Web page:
By Martin Thomas, Writer
We’re not big fans of the word disruption here at Red Setter – at least not in the sense it’s often currently used – and after listening to Rankin at the V&A last night, it seems we’re not the only ones.
Rankin was speaking at a Global Design Forum event, a series of talks, debates and workshops taking place throughout the London Design Festival this week
The photographer, founder of Dazed & Confused and Hunger magazines, and founder and boss of The Full Service, has no time for the use of disruption to describe what is, more often than not, he says, just an old idea repackaged. Uber is not disruptive, it’s just a taxi in new clothes.
The real disruptors, says Rankin, were the Wright brothers, penicillin, and the World Wide Web: ideas that changed the world. Another genuine disruptor – although not in an entirely positive way, in his view – is the smartphone. When people are checking their phones up to 150 times a day, when 46% of people say they couldn’t live without their phone, when we’re all willingly embracing something that’s designed to be addictive, he said, we should be examining our behaviour and engaging in an urgent cultural debate, not unquestioningly embracing it.
Rankin sees a worrying slide into a two-dimensional world of smartphone selfies, influencer-based marketing (or influenzas, as he calls them) and blandness. A world in which people are taking filtered selfies of themselves to plastic surgeons and asking to make them look like the altered photos.
Such was his disdain for the marketing homogeneity he sees all around him that I thought Rankin was writing it all off – despite being a commercial photographer who still works for ad agencies and brands, and despite running The Full Service, which for all its stunning creativity remains an advertising agency and production company. But he wasn’t. Not quite.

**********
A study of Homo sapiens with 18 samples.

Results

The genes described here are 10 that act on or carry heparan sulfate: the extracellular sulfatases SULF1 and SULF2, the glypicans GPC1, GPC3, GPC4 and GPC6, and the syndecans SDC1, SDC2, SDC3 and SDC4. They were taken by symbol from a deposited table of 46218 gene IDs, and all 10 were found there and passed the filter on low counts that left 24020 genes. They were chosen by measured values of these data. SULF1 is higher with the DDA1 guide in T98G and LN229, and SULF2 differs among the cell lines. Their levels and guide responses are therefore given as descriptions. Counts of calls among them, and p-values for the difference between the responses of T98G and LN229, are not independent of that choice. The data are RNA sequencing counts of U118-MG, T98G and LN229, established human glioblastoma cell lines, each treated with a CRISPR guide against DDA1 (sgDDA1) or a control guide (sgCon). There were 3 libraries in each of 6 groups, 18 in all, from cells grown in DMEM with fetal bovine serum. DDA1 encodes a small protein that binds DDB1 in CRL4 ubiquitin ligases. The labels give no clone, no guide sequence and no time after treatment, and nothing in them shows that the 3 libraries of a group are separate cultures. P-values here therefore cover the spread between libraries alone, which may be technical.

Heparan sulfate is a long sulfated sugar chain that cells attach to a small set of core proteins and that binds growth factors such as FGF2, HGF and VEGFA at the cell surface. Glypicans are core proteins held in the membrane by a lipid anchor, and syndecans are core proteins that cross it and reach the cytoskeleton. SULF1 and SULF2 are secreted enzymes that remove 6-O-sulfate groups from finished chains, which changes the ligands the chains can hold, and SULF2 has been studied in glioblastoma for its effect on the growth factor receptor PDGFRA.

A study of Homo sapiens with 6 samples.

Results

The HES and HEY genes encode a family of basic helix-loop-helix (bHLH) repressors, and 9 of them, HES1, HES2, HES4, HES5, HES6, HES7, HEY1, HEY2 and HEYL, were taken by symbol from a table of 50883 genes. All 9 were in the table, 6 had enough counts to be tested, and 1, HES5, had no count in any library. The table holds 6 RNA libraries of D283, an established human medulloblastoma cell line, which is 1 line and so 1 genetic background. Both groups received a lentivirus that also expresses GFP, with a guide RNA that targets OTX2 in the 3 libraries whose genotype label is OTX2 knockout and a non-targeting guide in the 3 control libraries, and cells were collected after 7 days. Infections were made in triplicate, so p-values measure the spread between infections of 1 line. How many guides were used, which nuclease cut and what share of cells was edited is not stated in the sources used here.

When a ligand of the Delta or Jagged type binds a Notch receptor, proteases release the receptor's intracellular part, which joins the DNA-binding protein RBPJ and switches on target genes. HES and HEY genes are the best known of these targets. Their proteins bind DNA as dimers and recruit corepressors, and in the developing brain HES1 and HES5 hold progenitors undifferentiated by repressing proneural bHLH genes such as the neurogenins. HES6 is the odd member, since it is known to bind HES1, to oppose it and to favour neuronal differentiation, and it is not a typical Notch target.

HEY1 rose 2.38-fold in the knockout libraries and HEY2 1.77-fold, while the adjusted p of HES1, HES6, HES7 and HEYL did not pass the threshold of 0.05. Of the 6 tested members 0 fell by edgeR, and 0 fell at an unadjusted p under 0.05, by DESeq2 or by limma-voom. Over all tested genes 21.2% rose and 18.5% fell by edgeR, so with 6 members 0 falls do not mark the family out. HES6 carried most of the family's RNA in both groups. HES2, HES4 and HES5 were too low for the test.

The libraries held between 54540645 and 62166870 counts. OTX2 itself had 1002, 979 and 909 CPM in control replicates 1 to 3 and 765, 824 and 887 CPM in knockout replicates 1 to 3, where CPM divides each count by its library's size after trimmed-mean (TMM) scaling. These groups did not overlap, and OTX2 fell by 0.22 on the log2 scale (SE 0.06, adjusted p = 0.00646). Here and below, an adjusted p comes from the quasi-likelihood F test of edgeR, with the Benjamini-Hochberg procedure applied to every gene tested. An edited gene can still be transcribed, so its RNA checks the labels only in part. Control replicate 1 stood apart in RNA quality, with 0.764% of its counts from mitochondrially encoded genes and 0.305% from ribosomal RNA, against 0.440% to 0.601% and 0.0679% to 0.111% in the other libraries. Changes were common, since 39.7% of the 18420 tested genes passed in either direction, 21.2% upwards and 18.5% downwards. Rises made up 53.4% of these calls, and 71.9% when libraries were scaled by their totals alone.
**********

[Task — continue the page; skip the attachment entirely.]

With the ongoing decline in traditional advertising and media, the audience is now in charge, he says, and they’re saying ‘quit selling me stuff and give me something honest’. They can tell when work has real purpose – not just purpose that’s been adopted for the sake of it.
He cited his own S&X perfume, a collaboration with perfumier Azzi Glasser, which he launched with a series of three films that celebrate sexual liberation, one featuring women, one featuring men and a third featuring old people. The films, which are probably NSFW, are deliberately provocative, but they’re also rather beautiful and intended to prompt an open conversation about sexuality.
The now-famous Colin Kaepernick Nike ad also earned his praise. He said: “A lot of people will say it’s just Nike cynically using a purpose to sell sneakers and maybe it was. But it was a big risk for them, especially as they’re sponsors of the NFL. In the end it provoked debate and it’s debate that creates change, not hashtags.”
He added: “Creativity should mean a blank sheet of paper and nearly killing yourself to deliver something original. If you just do what a brand asks you to do, then you’re a craftsman, not a creative.”